Sugar hit the headlines in 2014 for all the wrong reasons. Baby juice took a direct hit as a result. The sector’s fall of 22.4%, or £2.2m, is the greatest percentage decline of any of the 110 sub-categories we’ve looked at this year.
Granted, sales have been struggling for a while (a year ago value was down 9.3% on flat volumes), but after NHS advice updated at the end of 2013 called on parents to “avoid giving babies fruit-flavoured ‘baby juices’,” sales tanked. A Public health England report on the dental health of toddlers advising parents to avoid such drinks didn’t help either.
The Guardian later ran a story under the headline “Sugary drinks in baby bottles triggering rise in tooth extractions” and the Daily Mail said: “One in eight three-year-olds has rotting teeth… and fruit juice is to blame.”
Proving that not all publicity is good publicity, all of the top five brands have suffered. Products from Heinz, Hipp, Nutricia and Nestlé are down by an average of 40%. Own-label sales are also down.
“The industry as a whole has been affected by the negative press regarding sugar levels in food and drink,” says a Heinz spokeswoman.
“Heinz has responded by reducing sugar in juices with the new recipe of fruity spring water, mixing fruit juice with spring water to reduce sugar content, which is in stores now.”
Not quite as bad, but still down, is wet babyfood.
Overall, the category is down 4.5% on volumes down 9.6%. However, there are success stories, even within Heinz’s stable, which is down 9.8% on volumes down 12.7% overall. But perhaps the biggest change in 2014 is that Ella’s Kitchen has overtaken Hipp Organic at the top of the table.
“Our success this year has been down to a few key factors,” says a spokeswoman for Ella’s. “These include a focus on driving overall category value versus just focusing on only growing Ella’s, really consumer-focused NPD and increases in distribution across our core range, as we know that we are delivering more value per distribution point than our competitors.”
However, even Ella’s isn’t immune to the pressures of the market. “Wet babyfood has been having a tough time since September, which coincides with the time that Glasgow University published the results from its babyfood study,” adds the Ella’s spokeswoman, referring to a study that suggested prepared babyfood had fewer nutrients than home-made food but higher levels of sugar.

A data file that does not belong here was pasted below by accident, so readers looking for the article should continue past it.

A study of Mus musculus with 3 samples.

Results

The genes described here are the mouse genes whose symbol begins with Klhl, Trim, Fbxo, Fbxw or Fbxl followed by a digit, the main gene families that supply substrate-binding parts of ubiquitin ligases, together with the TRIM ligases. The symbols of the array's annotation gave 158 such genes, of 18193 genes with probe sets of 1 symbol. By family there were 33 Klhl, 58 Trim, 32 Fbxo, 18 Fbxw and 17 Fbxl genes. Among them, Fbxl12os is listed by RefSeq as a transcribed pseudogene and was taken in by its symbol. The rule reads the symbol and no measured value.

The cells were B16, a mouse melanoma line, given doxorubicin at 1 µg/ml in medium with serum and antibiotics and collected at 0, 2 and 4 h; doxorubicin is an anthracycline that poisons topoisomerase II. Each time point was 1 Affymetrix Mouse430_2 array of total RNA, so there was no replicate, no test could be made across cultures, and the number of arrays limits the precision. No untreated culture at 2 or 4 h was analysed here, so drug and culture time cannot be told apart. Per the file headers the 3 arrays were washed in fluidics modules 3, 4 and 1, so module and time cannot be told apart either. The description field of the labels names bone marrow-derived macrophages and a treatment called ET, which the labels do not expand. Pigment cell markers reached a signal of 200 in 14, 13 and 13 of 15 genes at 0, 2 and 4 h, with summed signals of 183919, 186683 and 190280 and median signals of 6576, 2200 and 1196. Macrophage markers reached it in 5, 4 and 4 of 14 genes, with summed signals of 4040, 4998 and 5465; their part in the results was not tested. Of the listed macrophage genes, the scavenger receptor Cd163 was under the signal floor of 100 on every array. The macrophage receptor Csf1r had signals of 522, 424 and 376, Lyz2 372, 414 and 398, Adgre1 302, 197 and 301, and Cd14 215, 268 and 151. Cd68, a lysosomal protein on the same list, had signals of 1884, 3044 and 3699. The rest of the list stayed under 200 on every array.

“In addition to this, we’ve seen that despite pouch sales improving year on year, we’ve not been able to cover off the decline in jar volumes, which is driven by distribution losses and retailers switching promotional strategies.” However, as well as topping the category the spokeswoman points to distribution gains and NPD that delivers “more value than our competitors” as reasons to be cheerful.
And showing that it’s a tough market indeed, Plum Baby ceased trading in September due to the “challenging” nature of the market. The company’s “carefully managed and scale-back” shows in its figures: value is down 30.1% to £3.4m; volumes have sunk 28%.
Variety and choice
Over in baby snacks, Organix is making all the running. Sales of its core range are up 4.9% to £32.7m on volumes up 6.9%, although it’s worth noting that the smaller Goodies range has suffered a sharp decline.
“Getting it right has been down to a combination of digital communication, focused new launches and a strong redesign on our Organix range,” says a spokeswoman. “Our Discover with Organix and Explore with Goodies campaigns were packed with content to help parents and their little ones have fun with food and featured a reward element for customers to win toys.”
NPD has also played a strong role, with Organix introducing “more variety and choice” in the form of new flavours and shapes, as well as the “big re-launch” of Organix cereals. New foods were launched into the ranges of baby and toddler corn puffs, oat bars and fruit snacks.
Baby milk had a choppy year in 2013 after a safety scandal in China saw rationing introduced in the UK This year was more settled, with value sales up 1.6% and volumes dipping slightly, by 3%. Danone Nutricia still dominates the field, with nine of the top 10 products produced by the company.
A spokeswoman blames the slowdown in the category on a “dip in the birth rate in 2013” which “will have impacted the 2014 category dynamics”. However, she also points out that Aptamil is “significantly outperforming the market”, thanks to its “consumer-insight led approach, best formulation in the market and increased use of liquid formats”.
Top launch: Tray meals Hipp Organic
The tray-meal sector is growing at 8% year on year, and Hipp Organic is driving the growth. It increased its share of the sector to 44% after launching 15 recipes, including its first two for kids aged between 18 months and three - Mexican-style mild chilli and Swiss-style macaroni pasta in a cheese sauce with carrots and courgettes.
These lively recipes were inspired by a survey Hipp carried out in which 23% of parents questioned said their kids didn’t get enough variety in their meals.